Between the whimsical drawings and the whimsical text, this book was sure to delight me, and it did. I started off reading it with my daughter, but I was impatient and read all the way to the end on my own.
Clover is a sensible girl, in a quite extraordinary situation, yet she always manages to keep her composure and her sensible nature to cope with the chaos around her. I enjoyed Clover, but I admit that what won me over were the wonderful scenes with the evil witch Mesmeranza.
Mesmeranza is vain and vengeful, but perhaps not the most effective Evil Witch, as she relies on her mousy secretary Miss Fly and her assorted other servants to carry out the various Plans she thinks up. Here, she dictates to Miss Fly her To Do list for The Plan:
"Put the shoes first."
"The shoes go first. Before anything else, I need the right shoes. These red ones."
Mesmeranza stabbed at a page in the catalog with a crimson talon. The shoes she was pointing at were bright red and strappy, with perilously high heels.
"Haven't you got enough shoes?" ventured Miss Fly, who went for more sensible brown wide-fitting flats.
"No," said Mesmeranza, firmly. "Shoes are vitally important. What have I always said, Fly? Get the shoes right, and everything else follows smoothly. We don't all have to go around with Yeti feet like you. So the list now reads, Shoes, Cake, Disguise, Boy."
The book is a breezy and funny light read, but the language is beautiful and the vocabulary rich. There's nothing too scary, but it's quite funny, particularly the contrast between the way Mesmeranza perceives her wicked and brilliant schemes and the way everyone else sees them.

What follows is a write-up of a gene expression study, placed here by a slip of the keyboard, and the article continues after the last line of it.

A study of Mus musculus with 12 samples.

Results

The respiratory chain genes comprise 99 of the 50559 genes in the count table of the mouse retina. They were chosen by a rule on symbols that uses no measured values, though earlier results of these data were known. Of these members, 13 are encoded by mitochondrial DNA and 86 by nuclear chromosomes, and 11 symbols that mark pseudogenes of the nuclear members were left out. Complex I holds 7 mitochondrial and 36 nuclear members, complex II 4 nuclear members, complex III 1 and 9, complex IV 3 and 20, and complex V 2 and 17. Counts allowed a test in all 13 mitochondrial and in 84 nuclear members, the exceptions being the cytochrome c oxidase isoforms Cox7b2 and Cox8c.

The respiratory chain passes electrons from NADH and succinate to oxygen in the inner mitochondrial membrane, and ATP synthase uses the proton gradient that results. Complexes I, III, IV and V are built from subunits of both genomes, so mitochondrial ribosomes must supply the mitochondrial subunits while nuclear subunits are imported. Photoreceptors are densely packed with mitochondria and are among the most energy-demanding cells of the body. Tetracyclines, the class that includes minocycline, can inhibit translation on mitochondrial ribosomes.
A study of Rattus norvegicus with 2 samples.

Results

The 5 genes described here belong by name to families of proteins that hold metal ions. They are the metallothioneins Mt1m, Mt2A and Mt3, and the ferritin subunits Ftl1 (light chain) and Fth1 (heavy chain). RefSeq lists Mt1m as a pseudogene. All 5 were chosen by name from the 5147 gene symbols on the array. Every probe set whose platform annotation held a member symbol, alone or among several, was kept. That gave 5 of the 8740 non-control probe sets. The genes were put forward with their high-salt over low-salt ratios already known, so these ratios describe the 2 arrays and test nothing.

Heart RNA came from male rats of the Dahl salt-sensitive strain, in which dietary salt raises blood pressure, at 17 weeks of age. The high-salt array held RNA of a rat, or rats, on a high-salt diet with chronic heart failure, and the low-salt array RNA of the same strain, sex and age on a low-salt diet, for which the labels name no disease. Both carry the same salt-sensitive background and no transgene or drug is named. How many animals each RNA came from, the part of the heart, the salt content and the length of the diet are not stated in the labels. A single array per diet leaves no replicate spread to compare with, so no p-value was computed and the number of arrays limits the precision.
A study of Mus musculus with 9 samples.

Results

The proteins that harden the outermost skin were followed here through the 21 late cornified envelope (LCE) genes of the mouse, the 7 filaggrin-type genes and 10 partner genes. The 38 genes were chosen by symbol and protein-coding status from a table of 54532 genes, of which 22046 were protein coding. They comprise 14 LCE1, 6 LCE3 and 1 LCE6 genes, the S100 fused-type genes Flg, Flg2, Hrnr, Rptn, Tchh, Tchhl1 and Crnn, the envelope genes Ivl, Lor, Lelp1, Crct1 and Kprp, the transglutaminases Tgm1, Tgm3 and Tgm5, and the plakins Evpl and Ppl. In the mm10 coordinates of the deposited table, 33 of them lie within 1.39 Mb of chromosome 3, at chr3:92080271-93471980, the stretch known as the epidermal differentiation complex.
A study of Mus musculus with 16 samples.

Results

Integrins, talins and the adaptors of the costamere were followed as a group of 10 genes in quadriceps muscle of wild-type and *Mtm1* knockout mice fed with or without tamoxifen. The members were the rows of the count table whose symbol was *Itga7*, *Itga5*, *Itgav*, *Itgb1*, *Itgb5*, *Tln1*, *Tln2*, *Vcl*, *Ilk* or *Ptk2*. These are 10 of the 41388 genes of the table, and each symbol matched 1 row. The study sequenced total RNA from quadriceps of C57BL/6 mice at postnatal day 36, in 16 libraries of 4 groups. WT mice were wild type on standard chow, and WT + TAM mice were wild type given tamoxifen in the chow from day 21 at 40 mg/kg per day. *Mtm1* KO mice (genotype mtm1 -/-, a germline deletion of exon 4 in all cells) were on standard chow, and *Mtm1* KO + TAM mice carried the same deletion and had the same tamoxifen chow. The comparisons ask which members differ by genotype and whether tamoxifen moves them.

Cats play an important role, as do cakes, and an invisible horse. They are all well drawn, with a level of cheerful realism, even the ones that are magical and thus shouldn't necessarily be realistic at all.
On the cats:
Here we are again, back in Castle Coldiron. The weather has not improved. Storms are blowing in from the north. Miss Fly's cats are restless. They just slump around shedding hair, watching the clouds gather, and demanding more fish heads. Miss Fly is beside herself. Not only is her room full of chunks of fallen ceiling plaster, frankly, it's getting rather stinky.
The suggested age range of 9+ is about right for most kids in terms of the difficulty, but this is a novel that would be a good choice for a precocious younger reader as well - there's nothing too scary or too grown up here. It is also a perfectly wonderful read for an adult of any age, with or without the excuse of a child to read it to.
I loved this book, and I look forward to seeking out other titles by Ms. Umansky.